Now we’ve been in lockdown for a few months and like most people I’ve had all these plans to get fit, read more and I’ve done neither. My motivation disappeared quicker than Carol Baskin’s husband. It’s not much of a surprise that more than 12% of new gym memberships are started in January. We’ve all had those thoughts, ‘a new year, a new me’, ’this is my year’ but by June, a staggering 80% have given up!
So why do they quit? The obvious guess is, it was getting hard and they aren’t seeing results. They give up, cancel their membership and save their money. We want results and we want them now. This plays to our psyche of instant results – I want it and I want it now. We have become an impatient bunch and we are rarely willing to do the hard yards for the results.
Brand building is first and foremost an investment. Don’t expect instant returns. It’s a long-term investment in the company’s future. Do ten push-ups, do you notice any change? No, you might be puffing and a little red in the face but the gun show is a no-show. Why would marketing work any differently? Put the idea of an instant ROI out of your head, then you can start thinking about successfully building the brand.
We understand that you know the brand, of course you do – you spend half your life embedded in it, but look at it from your customers’ perspective. It is not their job to remember you. I’ll repeat that because it is one of the most important lessons in marketing:
It’s not the customers’ job to remember you, your brand or what you do. It is your job as a marketer not to let them forget.
Your brand has to earn the mental real estate in someone’s mind. Never take it for granted or assume you have it. A person’s memories naturally erode over time and your brain places much more energy remembering the important ones. With this in mind, remember to constantly remind the audience who you are and what you do. Build that salience. Coca-Cola might be one of the most recognised brands in the world but even they invest heavily in brand because they know they can’t afford to stop.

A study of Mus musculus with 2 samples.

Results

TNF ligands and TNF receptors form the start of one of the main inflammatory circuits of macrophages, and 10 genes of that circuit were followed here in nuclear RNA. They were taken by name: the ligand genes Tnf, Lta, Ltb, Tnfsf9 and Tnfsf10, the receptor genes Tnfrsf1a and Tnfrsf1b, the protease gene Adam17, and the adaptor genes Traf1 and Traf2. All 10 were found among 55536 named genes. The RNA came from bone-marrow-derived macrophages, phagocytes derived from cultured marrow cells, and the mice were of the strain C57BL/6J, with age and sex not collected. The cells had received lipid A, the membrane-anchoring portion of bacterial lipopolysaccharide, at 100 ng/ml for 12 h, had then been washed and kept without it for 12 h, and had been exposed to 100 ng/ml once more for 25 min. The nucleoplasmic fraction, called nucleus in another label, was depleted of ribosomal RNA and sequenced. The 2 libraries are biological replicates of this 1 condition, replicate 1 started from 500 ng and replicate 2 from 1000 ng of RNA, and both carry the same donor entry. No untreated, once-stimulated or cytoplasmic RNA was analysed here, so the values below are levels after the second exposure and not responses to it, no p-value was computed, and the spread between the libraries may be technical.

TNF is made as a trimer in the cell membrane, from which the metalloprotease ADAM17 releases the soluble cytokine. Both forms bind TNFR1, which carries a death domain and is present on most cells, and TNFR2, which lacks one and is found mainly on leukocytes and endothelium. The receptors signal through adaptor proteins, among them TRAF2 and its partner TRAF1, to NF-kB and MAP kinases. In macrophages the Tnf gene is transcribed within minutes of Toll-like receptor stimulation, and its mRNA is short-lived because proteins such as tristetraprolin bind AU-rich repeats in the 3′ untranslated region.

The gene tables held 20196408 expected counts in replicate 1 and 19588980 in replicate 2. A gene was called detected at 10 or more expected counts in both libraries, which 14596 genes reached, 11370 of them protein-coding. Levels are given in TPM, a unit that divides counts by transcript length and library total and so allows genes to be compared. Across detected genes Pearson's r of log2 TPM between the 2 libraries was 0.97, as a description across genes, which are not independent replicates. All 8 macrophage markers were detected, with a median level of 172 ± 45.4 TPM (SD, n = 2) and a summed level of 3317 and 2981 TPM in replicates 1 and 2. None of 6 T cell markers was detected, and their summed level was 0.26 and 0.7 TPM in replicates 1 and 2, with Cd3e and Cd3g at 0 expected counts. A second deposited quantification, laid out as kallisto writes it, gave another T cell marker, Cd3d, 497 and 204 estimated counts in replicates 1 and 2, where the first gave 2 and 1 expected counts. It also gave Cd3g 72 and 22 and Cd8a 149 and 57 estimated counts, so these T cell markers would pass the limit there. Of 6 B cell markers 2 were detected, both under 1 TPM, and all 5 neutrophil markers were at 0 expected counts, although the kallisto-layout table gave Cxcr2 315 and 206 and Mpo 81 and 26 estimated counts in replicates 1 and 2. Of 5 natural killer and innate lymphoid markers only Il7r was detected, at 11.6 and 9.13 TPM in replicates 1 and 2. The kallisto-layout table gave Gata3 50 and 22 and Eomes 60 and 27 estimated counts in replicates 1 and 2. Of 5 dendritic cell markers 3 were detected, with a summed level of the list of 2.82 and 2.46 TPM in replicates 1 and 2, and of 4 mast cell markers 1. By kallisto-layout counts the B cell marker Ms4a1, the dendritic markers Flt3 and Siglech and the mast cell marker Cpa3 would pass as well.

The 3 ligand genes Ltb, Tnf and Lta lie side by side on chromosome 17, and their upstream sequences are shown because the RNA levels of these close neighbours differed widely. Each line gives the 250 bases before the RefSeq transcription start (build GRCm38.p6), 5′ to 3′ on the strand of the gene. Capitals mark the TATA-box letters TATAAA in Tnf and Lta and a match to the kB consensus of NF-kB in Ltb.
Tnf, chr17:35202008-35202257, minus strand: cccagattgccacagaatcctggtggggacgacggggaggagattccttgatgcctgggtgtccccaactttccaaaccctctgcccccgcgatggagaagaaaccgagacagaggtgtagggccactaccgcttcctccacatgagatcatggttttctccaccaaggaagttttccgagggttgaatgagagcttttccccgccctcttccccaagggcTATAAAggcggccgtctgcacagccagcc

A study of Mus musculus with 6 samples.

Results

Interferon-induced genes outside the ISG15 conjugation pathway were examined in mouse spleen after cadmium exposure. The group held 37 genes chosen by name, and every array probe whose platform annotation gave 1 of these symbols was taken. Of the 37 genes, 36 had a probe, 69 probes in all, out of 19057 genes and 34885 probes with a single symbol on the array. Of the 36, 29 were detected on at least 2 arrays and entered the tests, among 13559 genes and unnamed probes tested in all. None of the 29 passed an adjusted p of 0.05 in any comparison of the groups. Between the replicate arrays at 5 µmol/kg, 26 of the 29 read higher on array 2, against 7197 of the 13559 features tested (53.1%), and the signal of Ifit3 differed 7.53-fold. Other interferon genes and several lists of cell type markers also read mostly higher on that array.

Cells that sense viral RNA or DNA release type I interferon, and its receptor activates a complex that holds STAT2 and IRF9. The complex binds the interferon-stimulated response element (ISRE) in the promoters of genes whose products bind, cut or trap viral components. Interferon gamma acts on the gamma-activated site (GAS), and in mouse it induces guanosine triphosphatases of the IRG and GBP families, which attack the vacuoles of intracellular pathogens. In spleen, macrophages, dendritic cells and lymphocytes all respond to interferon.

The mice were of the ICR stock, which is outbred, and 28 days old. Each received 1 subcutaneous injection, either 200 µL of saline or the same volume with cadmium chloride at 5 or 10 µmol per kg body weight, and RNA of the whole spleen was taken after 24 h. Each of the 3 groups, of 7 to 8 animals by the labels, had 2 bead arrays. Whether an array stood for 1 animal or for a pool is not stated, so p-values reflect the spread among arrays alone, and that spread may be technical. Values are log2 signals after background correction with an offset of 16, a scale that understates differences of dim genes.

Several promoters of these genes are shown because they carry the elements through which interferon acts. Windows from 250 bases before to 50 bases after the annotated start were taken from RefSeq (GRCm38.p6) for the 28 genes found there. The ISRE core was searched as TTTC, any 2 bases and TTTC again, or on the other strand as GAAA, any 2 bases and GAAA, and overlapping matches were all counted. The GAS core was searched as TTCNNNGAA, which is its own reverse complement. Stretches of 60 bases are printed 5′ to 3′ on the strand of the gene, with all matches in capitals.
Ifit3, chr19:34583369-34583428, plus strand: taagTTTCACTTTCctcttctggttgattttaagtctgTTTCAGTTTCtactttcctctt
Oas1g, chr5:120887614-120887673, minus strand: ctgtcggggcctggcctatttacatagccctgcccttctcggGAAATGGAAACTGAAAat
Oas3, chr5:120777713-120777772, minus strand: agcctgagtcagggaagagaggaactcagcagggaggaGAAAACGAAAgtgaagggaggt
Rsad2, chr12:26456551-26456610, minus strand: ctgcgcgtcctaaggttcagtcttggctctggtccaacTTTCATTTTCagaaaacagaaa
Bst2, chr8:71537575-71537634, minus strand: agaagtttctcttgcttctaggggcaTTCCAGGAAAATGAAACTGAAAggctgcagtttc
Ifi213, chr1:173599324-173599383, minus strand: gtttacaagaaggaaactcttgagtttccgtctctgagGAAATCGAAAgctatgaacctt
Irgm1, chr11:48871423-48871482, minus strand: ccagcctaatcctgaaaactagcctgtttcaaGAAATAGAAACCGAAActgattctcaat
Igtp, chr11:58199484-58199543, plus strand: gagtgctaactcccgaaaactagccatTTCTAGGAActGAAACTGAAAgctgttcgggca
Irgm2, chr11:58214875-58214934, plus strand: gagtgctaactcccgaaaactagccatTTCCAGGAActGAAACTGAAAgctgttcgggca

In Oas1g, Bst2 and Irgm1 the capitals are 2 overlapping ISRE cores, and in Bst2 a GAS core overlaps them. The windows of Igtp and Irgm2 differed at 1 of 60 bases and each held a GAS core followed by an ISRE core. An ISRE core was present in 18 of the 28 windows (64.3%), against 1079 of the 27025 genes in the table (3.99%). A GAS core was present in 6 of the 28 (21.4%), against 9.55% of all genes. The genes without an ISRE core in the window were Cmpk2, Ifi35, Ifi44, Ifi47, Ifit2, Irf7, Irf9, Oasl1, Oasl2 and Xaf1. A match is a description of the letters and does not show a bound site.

As we know B2B is often risk-averse but one of the rarely spoken about benefits of brand is that it works as a risk mitigator for the customer. We don’t often want the best product ever, we are just trying to avoid a lemon. Does Toyota build the best cars possible? Probably not, but chances are it will get you from A to B multiple times without too many issues. This why they sell so many cars. Despite not always being the case, a strong brand is perceived to have quality a product – we are more likely to trust brands that are familiar. Remember the wonderful line “No one ever got fired for buying IBM”, regardless of whether IBM was creating the best machines money could buy, the brand had won the trust of the customer and proved themselves within the category and to the broader market.
The research undertaken in the AMI / Green Hat 2020 B2B Marketing Research Report states that 41% of business don’t measure the health of their brand.
These brands face the very real prospect of losing market share by fading out of people’s lives and being replaced by their competitors. The LinkedIn sponsored B2B institute found in a recent study that the most effective split between short-term sales activated and long-term brand build is best to split 50/50.
Unfortunately, investing in your brand isn’t a one-off, it’s a constant. There is no way around it. As soon as you stop investing you will lose market share and sales will drop. Kraft Heinz was in trouble and they cut marketing budgets to ‘save’ money. The move caused the company to lose market share and this resulted in their share price dropping by 25%. They are now in recovery mode trying to undo that damage. To keep your brand in good shape, it needs to constantly be moving in the right direction.
The months leading up to a new financial year will mean having some tough conversations about budgets and how much they are being cut. Before making any cuts, ask yourself how much market share can your brand afford to lose? There may be some short-term gains/savings to be made but the long-term damage is very real.
Companies who invest in their brand during a financial down-turn are proven to come out the other end in a stronger position. During the GFC brands who continued to invest in brand were about to rebound quicker than their competitors who cut marketing budgets. Brand CPR is hugely expensive without any guarantees of survival.
Brand building isn’t easy but that doesn’t mean it has to be hard. The first training session is always going to be the hardest but it is a step in the right direction. A stronger, healthier brand puts your company in a stronger position during tough times. Weak brands don’t last as long as strong ones. It does take time – think years not months, but you’ll be better for it and the sooner you start the sooner you’ll see results.
“What hurts today makes you stronger tomorrow.”
— Jay Cutler, Pro bodybuilder and four-time Mr Olympia
If you need some help getting that motivation back, we can be your training partner — call 03 9290 9777 or email email@example.com.